Christian Science

Christian Science

Instructions: Please write an essay style response to each of the questions below. Submit answers typed or printed in no smaller than 10 point font. Answers that are not typed or printed will not be accepted. The length of each response should be two page; double space.

Grading criteria: Essays that are rambling, disorganized, incomplete or inaccurate will receive a low grade. Essays that are accurate, concise, complete, organized and coherent will receive a higher grade. Essays should show evidence of using the assigned text, as well as thoughtfulness and original insight.

Please abide by rules of grammar and spelling, and use a standard method for citing material that is not your original work but paraphrased or quoted – this includes notes based on the text Praying for a Cure. Any standard method of citation is acceptable as long as consistently used.

Your answers should reflect your own work in thinking through the problem. The single page answers should be the result of your own analysis and synthesis of ideas from your notes and the text. Use reasons to explain and justify, where relevant.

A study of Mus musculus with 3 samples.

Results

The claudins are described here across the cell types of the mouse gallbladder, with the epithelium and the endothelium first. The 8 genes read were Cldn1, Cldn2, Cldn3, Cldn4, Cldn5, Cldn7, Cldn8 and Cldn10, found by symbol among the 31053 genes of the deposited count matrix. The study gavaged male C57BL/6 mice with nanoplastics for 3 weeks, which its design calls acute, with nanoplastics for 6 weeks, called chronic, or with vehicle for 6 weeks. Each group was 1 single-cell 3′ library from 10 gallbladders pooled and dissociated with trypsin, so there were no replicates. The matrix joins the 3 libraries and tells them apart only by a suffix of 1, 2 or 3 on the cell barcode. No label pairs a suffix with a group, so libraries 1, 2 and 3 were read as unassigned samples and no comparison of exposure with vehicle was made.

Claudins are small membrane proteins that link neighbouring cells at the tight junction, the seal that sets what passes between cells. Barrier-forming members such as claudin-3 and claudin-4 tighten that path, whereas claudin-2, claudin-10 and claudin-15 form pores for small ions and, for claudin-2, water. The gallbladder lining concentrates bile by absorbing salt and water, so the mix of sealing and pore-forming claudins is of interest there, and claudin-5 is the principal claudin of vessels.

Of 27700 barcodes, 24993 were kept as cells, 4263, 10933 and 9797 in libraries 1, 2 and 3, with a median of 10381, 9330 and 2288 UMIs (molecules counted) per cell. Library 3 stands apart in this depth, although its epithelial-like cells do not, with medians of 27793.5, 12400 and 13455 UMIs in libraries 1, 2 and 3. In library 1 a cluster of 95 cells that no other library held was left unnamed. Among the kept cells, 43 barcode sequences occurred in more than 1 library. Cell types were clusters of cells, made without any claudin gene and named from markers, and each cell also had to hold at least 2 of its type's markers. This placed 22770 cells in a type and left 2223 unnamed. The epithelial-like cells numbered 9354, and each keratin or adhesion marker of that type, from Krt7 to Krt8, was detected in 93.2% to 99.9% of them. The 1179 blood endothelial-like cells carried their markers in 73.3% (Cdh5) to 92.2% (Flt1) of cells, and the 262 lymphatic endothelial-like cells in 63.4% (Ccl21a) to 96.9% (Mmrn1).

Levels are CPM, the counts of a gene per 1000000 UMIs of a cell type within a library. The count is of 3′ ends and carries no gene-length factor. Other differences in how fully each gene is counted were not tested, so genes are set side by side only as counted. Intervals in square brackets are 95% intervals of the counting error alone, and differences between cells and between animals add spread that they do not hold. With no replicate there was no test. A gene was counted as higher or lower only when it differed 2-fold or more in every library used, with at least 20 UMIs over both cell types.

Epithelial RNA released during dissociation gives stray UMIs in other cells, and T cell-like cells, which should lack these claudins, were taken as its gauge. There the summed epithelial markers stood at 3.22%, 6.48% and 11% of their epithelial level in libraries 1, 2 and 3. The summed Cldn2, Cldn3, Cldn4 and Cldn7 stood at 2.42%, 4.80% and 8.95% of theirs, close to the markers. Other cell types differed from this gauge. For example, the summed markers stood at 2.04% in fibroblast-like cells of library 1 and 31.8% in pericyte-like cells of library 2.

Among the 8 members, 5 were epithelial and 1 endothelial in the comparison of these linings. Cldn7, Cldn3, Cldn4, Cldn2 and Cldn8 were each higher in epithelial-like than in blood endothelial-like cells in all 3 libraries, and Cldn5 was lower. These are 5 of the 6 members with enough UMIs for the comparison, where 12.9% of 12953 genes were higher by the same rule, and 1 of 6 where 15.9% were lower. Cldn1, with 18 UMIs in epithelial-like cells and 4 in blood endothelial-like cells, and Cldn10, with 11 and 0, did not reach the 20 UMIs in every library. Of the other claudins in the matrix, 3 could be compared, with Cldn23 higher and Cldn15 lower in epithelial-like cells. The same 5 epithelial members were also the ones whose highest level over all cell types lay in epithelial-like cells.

Exam Questions. The topic of this midterm concerns medicine in multi-cultural contexts, specifically, religious frameworks that conflict with conventional Western medical practice.

The questions directly concern Christian Science as discussed in the book, Praying for a Cure.

1. Margaret Battin, ("High Risk Religion: Christian Science and the Violation of Informed Consent,") states that “the conditions for autonomous choice involve three criteria: (1) the decision must be uncoerced;
(2) it must be rationally unimpaired; and (3) it must be adequately informed.” Explain how, according to Battin, the Christian Science church violates each of these three conditions of autonomy in the way it influences the medical decision making of its members. (30 points)

2. Peggy DesAutels ("Rational Choice and Alternative World Views") argues that Christian Science does not offer an alternative medicine but rather an alternative world view to the world view of medical science. What does this mean? What is the world view of Christian Science as compared to the world view of medical science? Explain how this response may, or may not, save Christian Science from Battin’s criticism. (30 points)

3. Larry May ("Challenging Medical Authority") considers two Christian Science cases of refusing medical treatment. Briefly discuss EITHER the case of Robyn Twitchell, or the case of Colin Newmark in terms of the following question: "What professional obligation(s)[if any]are owed to patients who belong to a religious culture that instructs its members to use prayer instead of conventional medical treatment for themselves and their children?" (40 points)

Please only use material provided for work cited.